Range Rover Sport Conquers Grueling Mountain Course

Published February 5, 2017 by Elizabeth Jeneault

It’s a challenge that even the most talented of skiers are fearful to take but it was mastered by a driver in a Range Rover Sport. As part of a publicity stunt, Land Rover hired a man to drive the sports utility vehicle down a demanding mountain course as fast as possible. The whole thing was documented on video and we must say it’s quite impressive!

Inferno Race History

The course the driver tackled is located in the Swiss Alpine resort of Mürren, where the world’s longest downhill ski race called the Inferno takes place in January of each year. The race has been held in the village since 1928 and is even where the ski chase in the 1969 James Bond film “On Her Majesty’s Secret Service” was shot. The ski race is so popular that participation has to be limited to 1,850 competitors each year. The Duchess of Cambridge’s sister, Pippa Middleton, even competed in the 2016 race.

Ben Collins Hired For The Challenge

Land Rover hired Ben Collins, formerly known as the “Stig” on the extremely popular British television show “Top Gear,” for the job. Behind the wheel, Collins conquered 9.2 miles of severe terrain with a 6,300-foot vertical descent. He tackled snow, ice, loose rock, mud, broken asphalt, grass and gravel. It was the first-ever production vehicle to attempt the ski run and Collins completed it in 21 minutes and 36 seconds. Impressive indeed! Collins said he knew going into the challenge it wouldn’t be easy. “There could only be one winner in the challenge - the mountain or the car. The key to the run was precision: being able to maintain speed and carry that speed down the hill in the way the skiers can do, carving through the turns,” said Collins. Locals, including the president of the Kandahar Ski Club who has participated in 30 Inferno races, were shocked to hear Collins was attempting the stunt for Land Rover. “The terrain is strewn with boulders; I would far rather race it on skis in winter than drive it in the summer,” said Cleeves Palmer. Many doubted it could be done. “I think with the car, [it’s] more dangerous than the ski and I don’t think a car can do that,” said Albert Feuz, who was crowned champion of the Inferno race in 1968 and 1969. But Collins did! While he’s an experienced driver, he said the course pushed his skills to the absolute limit. “This was genuinely one of the hardest tests I’ve faced in my driving career. The route was insane and certainly the toughest course I’ve ever completed. It challenged you with every kind of obstacle this side of molten lava and as conditions go, it was about as bad as it gets – torrential weather mixed with cliffs, trees, all kinds of stuff you don't really want to crash into,” said Collins.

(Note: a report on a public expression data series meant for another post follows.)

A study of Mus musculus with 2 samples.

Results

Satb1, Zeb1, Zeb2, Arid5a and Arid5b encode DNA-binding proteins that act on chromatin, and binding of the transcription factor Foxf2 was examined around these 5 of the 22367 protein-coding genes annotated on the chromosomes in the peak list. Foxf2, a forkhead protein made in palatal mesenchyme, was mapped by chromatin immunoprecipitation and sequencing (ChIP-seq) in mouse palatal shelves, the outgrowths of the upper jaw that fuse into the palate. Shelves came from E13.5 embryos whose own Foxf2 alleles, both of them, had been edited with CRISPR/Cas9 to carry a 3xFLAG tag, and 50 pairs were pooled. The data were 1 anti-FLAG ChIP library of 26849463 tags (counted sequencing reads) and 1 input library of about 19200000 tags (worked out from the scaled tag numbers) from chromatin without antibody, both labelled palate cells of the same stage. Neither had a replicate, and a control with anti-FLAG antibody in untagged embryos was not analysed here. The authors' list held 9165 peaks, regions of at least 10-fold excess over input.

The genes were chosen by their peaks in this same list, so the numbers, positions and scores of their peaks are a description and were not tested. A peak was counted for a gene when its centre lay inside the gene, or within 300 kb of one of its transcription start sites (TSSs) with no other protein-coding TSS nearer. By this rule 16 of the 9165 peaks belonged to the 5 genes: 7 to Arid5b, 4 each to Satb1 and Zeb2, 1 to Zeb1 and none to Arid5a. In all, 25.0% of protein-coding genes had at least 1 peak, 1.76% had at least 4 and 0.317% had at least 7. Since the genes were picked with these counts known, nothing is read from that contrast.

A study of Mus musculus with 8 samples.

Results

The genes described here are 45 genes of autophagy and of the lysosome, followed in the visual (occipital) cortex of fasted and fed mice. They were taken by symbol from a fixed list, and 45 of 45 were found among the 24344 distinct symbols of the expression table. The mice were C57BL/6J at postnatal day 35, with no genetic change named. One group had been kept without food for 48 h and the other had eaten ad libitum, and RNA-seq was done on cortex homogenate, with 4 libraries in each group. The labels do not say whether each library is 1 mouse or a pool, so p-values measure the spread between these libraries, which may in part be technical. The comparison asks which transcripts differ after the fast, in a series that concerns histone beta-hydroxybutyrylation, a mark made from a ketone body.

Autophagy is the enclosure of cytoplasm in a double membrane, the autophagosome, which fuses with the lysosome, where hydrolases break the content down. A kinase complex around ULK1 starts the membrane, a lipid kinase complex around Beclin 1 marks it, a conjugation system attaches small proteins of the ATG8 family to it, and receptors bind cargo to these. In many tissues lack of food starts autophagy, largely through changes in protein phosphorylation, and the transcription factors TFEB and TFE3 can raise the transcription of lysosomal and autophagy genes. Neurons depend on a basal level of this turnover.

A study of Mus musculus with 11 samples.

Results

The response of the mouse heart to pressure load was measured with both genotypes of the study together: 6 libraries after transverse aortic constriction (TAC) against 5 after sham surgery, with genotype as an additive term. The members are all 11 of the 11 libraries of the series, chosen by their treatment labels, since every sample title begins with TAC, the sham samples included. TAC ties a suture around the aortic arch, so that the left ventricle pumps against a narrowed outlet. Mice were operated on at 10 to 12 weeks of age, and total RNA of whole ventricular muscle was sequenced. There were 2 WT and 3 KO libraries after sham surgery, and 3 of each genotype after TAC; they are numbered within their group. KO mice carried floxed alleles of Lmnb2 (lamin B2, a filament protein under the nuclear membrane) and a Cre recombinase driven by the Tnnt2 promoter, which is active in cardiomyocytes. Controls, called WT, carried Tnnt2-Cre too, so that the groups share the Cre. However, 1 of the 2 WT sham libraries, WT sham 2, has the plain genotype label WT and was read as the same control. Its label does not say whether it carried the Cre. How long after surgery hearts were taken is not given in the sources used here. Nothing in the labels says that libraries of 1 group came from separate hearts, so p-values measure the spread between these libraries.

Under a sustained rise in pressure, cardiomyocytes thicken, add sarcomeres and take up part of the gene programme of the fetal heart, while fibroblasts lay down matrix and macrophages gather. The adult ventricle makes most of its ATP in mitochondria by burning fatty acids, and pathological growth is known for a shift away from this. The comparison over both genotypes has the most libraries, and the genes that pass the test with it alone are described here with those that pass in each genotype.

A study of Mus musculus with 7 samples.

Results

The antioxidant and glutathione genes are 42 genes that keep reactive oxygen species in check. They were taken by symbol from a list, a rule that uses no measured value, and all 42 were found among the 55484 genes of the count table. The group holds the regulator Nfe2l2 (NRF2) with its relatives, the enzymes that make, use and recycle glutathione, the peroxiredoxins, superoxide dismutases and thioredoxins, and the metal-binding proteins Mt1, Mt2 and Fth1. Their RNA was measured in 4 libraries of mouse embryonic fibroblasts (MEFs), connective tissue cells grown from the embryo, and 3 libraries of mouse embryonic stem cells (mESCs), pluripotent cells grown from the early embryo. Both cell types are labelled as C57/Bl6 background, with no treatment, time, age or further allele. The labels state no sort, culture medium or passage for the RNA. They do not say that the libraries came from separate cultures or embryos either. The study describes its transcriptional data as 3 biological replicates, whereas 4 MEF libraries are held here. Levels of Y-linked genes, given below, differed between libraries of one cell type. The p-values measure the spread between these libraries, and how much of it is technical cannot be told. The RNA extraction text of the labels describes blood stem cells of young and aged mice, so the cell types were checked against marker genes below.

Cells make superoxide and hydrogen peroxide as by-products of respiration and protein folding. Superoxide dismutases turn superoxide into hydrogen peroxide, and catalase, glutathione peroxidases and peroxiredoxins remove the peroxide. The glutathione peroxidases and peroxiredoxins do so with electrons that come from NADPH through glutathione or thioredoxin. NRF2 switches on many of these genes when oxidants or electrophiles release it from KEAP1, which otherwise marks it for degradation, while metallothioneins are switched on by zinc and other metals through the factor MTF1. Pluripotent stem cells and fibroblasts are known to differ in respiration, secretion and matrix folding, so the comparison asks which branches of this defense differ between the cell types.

How Collins Conquered The Course

Collins achieved the feat in a Range Rover Sport with a 5.0-liter supercharged V8 gas engine that produces 510 horsepower. The vehicle was modified only with the addition of a roll cage, seat harness and reinforced tires. He said he had to heavily rely on the SUV’s Terrain Response technology. “The Range Rover Sport gave me so much help. I had to use the Terrain Response because the grass was like an ice rink and it really got me out of trouble. I believed in the car and it meant we could shed a lot of time over the runs. To be honest I abused it and it just kept on going - I couldn’t have asked for a better machine to do the job,” said Collins. The Range Rover Sport’s Terrain Response technology features six modes that will adapt the vehicle’s settings to the appropriate surface. In Dynamic mode, for example, the company says the Anti-Roll Bar is stiffened to reduce body roll. The Grass/Gravel/Snow mode reduces under and over steer by engine braking and while in the Mud and Ruts mode, the rear differential is locked to allow controlled wheel slip for better traction. It definitely came in handy for Collins as at the start of the challenge and at the summit of the mountain, the temperature was 0 degrees. As a result, he immediately hit ice and sleet. While making his way down into the Kanonenrohr Valley, temperatures increased to 18 degrees and fog and rain became an issue as it reduced visibility. Slippery grass didn’t help, either.

Video Captures Challenge

The video Land Rover released of the feat is quite impressive. It gives you excellent views of the terrifying trail as it sets the scene and shows Collins preparing for the challenge. It then, of course, shows Collins taking the Inferno on by blasting out of the gate. A camera positioned inside Collins’ vehicle makes you feel like you’re in the Range Rover Sport with him. It’s terrifying to say the least! Watching it, it’s difficult to imagine how he was able to keep his composure as he sped down the mountain. At one point, he gives the vehicle some words of encouragement saying, “Come on baby!” It also shows locals in disbelief as they watch Collins navigate the grueling course. The video finishes with Collins saying, “That’s the hardest thing I’ve ever done.” He then gives the Range Rover Sport a loving tap.

Other Range Rover Sport Feats

The company says the challenge follows other impressive Range Rover Sport feats including its record-setting hill climb for a production SUV at Pikes Peak in 2013 and its record crossing of the “Empty Quarter” desert in the Arabian Peninsula in the same year. It’s clear Land Rover is doing everything it can to market its Range Rover Sport and prove its capability. The company says the challenge proved the sports utility vehicle can deliver optimum power and speed even on the most demanding of racetracks. Of course, it takes a very special driver to be able to navigate a course like the Inferno safely and successfully. While Collins certainly possesses talents average consumers don’t, it’s hard to argue with the former “Stig” when he says he couldn’t have done it without the Range Rover Sport’s technology.